Are these Browns capable of losing them all?

by Gary Shelton on October 20, 2016 · 0 comments

in general, NFL, Tampa Bay Bucs

Thursday, 4 a.m.

You can picture them now, gathered in the end zone, talking about the flat champagne that awaits them.

They are the winless ones, the failures. Once, they lost them all.

In this corner, there are the 1976 Bucs, the hopeless ones. Together, they were shut out five times their first season. They are Steve Spurrier and Pat Toomay and Mirror Roder and Dave Pear and Essex Johnson and J.K. McKay, and they have scars that will never quite heel.

They lost 14 games that first season, a bunch of journeymen and castoffs, still trying to hang on to a football career. Except like this was being cut. The team's rallying cry? Ouch.

Across the way, there is a similar group of disappointments. They are the 2008 Detroit Lions, and they whiffed on an entire season, too. Of course, they whiffed in the era of free agency, when teams can go out and buy a few victories.

They are Dan Orlovsky and Roy Williams and Drew Henson and Gosder Cherilus. The team's fight song? The Crying Game.

Now, here's the question: Are the Cleveland Browns down to the challenge of the Bucs and Lions?

Really, could they lose them all?


So if Cleveland was to lose them all, who would be the worst team of all time?

Why, the Bucs, of course.

Back in 2008, I had a conversation with former Bucs' g.m. Rich McKay about the Lions, and whether they would beat the '76 Bucs.  "They would kill us," he laughed. And he's right. In '76, there was no free agency, and the rules of the expansion draft where that the Bucs got whatever player another team wanted to give him, including several corpses.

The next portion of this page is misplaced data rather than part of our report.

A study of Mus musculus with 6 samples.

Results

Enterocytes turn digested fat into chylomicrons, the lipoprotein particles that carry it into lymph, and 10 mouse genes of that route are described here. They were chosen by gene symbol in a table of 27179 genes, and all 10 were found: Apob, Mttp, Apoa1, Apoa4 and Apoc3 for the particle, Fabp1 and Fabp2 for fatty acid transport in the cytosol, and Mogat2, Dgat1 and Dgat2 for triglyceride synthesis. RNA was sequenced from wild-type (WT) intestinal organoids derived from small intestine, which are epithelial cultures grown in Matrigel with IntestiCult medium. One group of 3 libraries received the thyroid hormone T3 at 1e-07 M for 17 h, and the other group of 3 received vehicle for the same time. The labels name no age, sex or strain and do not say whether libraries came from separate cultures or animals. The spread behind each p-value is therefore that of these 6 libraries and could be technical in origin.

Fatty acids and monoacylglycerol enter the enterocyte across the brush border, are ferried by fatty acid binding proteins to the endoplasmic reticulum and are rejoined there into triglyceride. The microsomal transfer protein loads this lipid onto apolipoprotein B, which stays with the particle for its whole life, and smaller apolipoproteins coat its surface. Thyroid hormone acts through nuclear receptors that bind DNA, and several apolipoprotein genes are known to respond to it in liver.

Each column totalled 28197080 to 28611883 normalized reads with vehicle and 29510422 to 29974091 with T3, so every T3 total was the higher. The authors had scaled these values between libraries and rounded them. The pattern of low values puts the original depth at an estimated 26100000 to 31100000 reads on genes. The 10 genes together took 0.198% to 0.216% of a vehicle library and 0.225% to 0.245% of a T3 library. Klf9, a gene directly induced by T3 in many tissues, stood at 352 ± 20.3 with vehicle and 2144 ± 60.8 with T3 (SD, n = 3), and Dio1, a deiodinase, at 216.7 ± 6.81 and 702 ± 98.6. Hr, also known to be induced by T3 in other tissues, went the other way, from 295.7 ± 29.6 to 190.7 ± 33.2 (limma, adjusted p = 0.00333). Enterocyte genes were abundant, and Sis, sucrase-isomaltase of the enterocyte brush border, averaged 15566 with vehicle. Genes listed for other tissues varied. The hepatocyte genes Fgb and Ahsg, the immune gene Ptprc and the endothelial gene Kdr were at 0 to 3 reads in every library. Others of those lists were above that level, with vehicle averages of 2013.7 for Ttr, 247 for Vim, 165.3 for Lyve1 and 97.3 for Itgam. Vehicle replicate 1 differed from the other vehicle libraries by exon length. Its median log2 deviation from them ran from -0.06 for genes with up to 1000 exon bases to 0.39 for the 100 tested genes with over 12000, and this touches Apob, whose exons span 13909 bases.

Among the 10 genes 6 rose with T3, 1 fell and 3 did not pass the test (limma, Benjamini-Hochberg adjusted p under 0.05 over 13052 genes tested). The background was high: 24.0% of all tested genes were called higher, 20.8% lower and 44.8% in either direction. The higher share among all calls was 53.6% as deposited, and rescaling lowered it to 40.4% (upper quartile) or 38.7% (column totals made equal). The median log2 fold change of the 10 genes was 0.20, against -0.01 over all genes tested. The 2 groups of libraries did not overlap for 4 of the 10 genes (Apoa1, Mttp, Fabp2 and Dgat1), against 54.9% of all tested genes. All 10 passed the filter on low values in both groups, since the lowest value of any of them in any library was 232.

Still, the Browns could always fumble enough to make a game of it. It's just the that Bucs would try to fall on the ball and miss.

Every now and then, a team comes along in the NFL that has the look of one that could lose every game. Usually, it doesn't. Somehow or other, simply dreadful teams — the 2007 Dolphins, the 1990 Patriots, the '73 Oilers, the '86 Bucs, the '80 Saints – found a way to be there when the other team is even more intent on losing. It takes a special commitment to lose them all.

When it comes to losing, however, the Browns seem to know a short cut. This is the team that drafted Trent Richardson and Johnny Manziel and Justin Gilbert and Josh Gordon and Brandon Weeden and the boys.

Going winless takes a lack of skill, all right. The '82 Colts were  0-8-1. The '60 Cowboys were 0-11-1. But to find another winless team besides the Bucs and Lions, you have to go all the way back to 1944. That year, the Brooklyn Tigers and the Pitt Cardinals both went 0-10.

Okay, let's be honest. Unless you count the glorified mess that the Browns keep making of their quarterback position, the Browns actually have been decent so far. Not great, just decent. They lost by two to Tennessee. They lost by five to the Ravens and by six to the Dolphins.

Hey, teams came close. The first Bucs team lost by five to Buffalo and by three to Seattle. Detroit lost by two and four in games to Minnesota. They lost by four to Chicago and seven to Houston.

If it means anything, the Browns have a better offense than the Bucs (19th to 28th). They have a better defense than the Lions (29th to 32nd). Don't laugh, but the Browns are capable of winning.

Against the '76 Bucs.

Maybe against the '08 Lions.

All they have to do is keep the team slogan in mind: Just Don't Do It.